P*ssed on by pigeons! No, it’s not a metaphor for something “deep and meaningful” on economic development. It actually happened (before social distancing was introduced) when walking through a high street, talking to local businesses. It was a particularly grey, murky day in February. It could have been worse – the title of this blog could have been “Pooped by a pigeon”! Town and City centres have faced pressures for several years. This post is not about pigeons, it is about the legacy of COVID19.
Issues such as rough sleeping, people letting their large dogs foul the pavement, drunks, people on drugs shouting and screaming obscenities, all add to the perception of a neglected City. These are difficult issues, with no simple answers. Unfortunately the Town Centre is where these issues are played out for all to see. Local agencies can and do make a difference. It is a small minority of people who are giving your High Street a bad name and perhaps more of us could and should challenge things.
The Black Swan
All these long standing issues over the “look and feel” of the High Street have been eclipsed by the “Black Swan” effect of CoronaVirus /COVID19. COVID19 is a hard to predict, high profile, rare event for the economy. It is completely beyond normal expectations in science, history, technology or finance. As different measures are introduced across the world, it is difficult to know how events will pan out, and what the implications will be for businesses across different sectors.
Pivots and Legacy
The Red Potato team cares passionately about economic development impact. The High Street was already in the midst of a crisis before the COVID19 crisis. COVID19 has amplified those issues massively. Suspending business for the High Street is going to be catastrophic for some shops. Who are these small businesses? These are the local independent clothes shop, the local opticians, niche restaurant, bars and cafes. These businesses may be very sensitive to disruptions to their supply chain – be that stock like clothes and shoes, food ingredients and specialist goods. If the stock isn’t in the shops then independent shops do not have a unique offer. And if consumers can’t buy the stock – think of your take-away coffee – then there is no business.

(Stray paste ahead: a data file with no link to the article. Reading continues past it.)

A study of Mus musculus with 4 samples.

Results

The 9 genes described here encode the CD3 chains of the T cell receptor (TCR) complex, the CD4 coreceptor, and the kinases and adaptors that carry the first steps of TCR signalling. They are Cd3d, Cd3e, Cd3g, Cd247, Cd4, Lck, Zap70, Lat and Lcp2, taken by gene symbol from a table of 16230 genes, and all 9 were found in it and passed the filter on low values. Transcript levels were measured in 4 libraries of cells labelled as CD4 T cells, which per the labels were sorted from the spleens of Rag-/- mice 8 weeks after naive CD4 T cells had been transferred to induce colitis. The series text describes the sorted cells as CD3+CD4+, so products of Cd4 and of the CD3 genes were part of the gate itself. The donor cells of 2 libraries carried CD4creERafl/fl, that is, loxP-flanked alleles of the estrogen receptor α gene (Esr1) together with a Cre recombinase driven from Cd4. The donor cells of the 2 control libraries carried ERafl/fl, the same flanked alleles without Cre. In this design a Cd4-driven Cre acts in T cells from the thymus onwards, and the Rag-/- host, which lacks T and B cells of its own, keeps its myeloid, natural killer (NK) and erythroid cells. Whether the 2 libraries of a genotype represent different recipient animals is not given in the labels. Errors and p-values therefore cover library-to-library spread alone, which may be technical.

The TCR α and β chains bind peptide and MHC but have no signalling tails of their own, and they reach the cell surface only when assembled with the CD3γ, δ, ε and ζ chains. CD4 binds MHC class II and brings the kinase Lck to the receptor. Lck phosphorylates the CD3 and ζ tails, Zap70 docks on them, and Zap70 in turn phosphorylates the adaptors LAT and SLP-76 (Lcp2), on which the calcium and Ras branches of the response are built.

It is going to very difficult for many businesses and their employees. Anecdotally many independent businesses seem to be doing their utmost to retain their staff. Some business owners are already looking at how to pivot their offer and provide completely different services; be it a cafe owner who has decided to start selling homewares or the restaurant doing bespoke deliveries. The economy will be changed by COVID19 but, ultimately the COVID19 crisis will pass. That is why leading companies and entrepreneurs are already looking at opportunities to provide innovative solutions for the new economy.